Chartered Accountants Australia and New Zealand (CA ANZ) has launched a consultation with its members on the New Zealand government’s proposed income insurance scheme.
CA ANZ New Zealand country head Peter Vial, FCA said the profession is examining the “once-in-a-generation” proposal and whether the scheme would operate in harmony with New Zealand’s existing employment, welfare and taxation frameworks.
“New Zealand has over 25,000 chartered accountants embedded in every level of business, from sole public practitioners to CFOs, so we’re expecting a wide variety of viewpoints that contribute to the conversation and the policy development process,” Vial said. “Income insurance would be a significant policy and system change for New Zealand’s labour market and wider economy.”
CA ANZ said it is looking at the scheme from a public good perspective, focusing on fairness, efficiency and sustainability.
“I suspect that, while many people will support income insurance in principle, they will be concerned with making sure we cut our cloth to fit our purse,” Vial said. “If we do introduce a scheme, it needs to be as fair, efficient, and economically viable. We need to look carefully at how an income insurance scheme would work within our existing employment, tax and welfare frameworks, and chartered accountants have valuable insights to offer.”
Some of the key considerations CA ANZ said it is looking at include:
- Is the scheme too generous and can we afford it as it is proposed? e.g., should entitlements and levies be reduced?
- Is the timeframe for the proposed introduction (2023) too tight? In fact, is now the right time to introduce such a radically new and expensive initiative?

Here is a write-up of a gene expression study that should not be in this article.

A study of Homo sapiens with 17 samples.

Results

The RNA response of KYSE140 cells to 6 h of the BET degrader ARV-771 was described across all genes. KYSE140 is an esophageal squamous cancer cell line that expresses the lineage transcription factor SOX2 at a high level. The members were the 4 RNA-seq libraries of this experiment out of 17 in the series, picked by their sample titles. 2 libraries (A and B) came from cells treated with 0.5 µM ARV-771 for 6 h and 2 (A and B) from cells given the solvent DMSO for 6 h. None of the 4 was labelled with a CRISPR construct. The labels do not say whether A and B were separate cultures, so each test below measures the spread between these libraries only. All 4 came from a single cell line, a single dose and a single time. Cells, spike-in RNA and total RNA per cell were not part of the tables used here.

- Will all the costs fall on employers, with employees expecting employers to cover their levies through increased wages and salaries? Or is there a risk of wage and salary suppression?
- Will the costs of administering and complying with the scheme be proportionate to its benefits?
- How will any unintended consequences and unexpected behavioural changes be managed? e.g., how will the risks of gaming the scheme be mitigated?
- How will the scheme impact existing redundancy practices?
- Should employees be able to opt out in certain circumstances? e.g., by taking out private income insurance
- Should employers be able to set up their own insurance schemes?
- Will the cost to employees of compulsory income insurance drive down KiwiSaver enrolment or contributions?
- How will the scheme intersect effectively and fairly with the welfare system?
- Should employee levies be tax deductible?
- What is international best practice and what can we learn from overseas models, being mindful that New Zealand’s welfare and tax systems are different from those in other countries?
“We need to consider not only the financial implications, but also the behavioural ones,” Vial said. What ongoing effects would the scheme have on the relationship between employers and employees? CA ANZ is a global organisation, so as well as consulting with New Zealand members, we are looking at similar schemes in countries where our international members reside, particularly Australia and the United Kingdom.”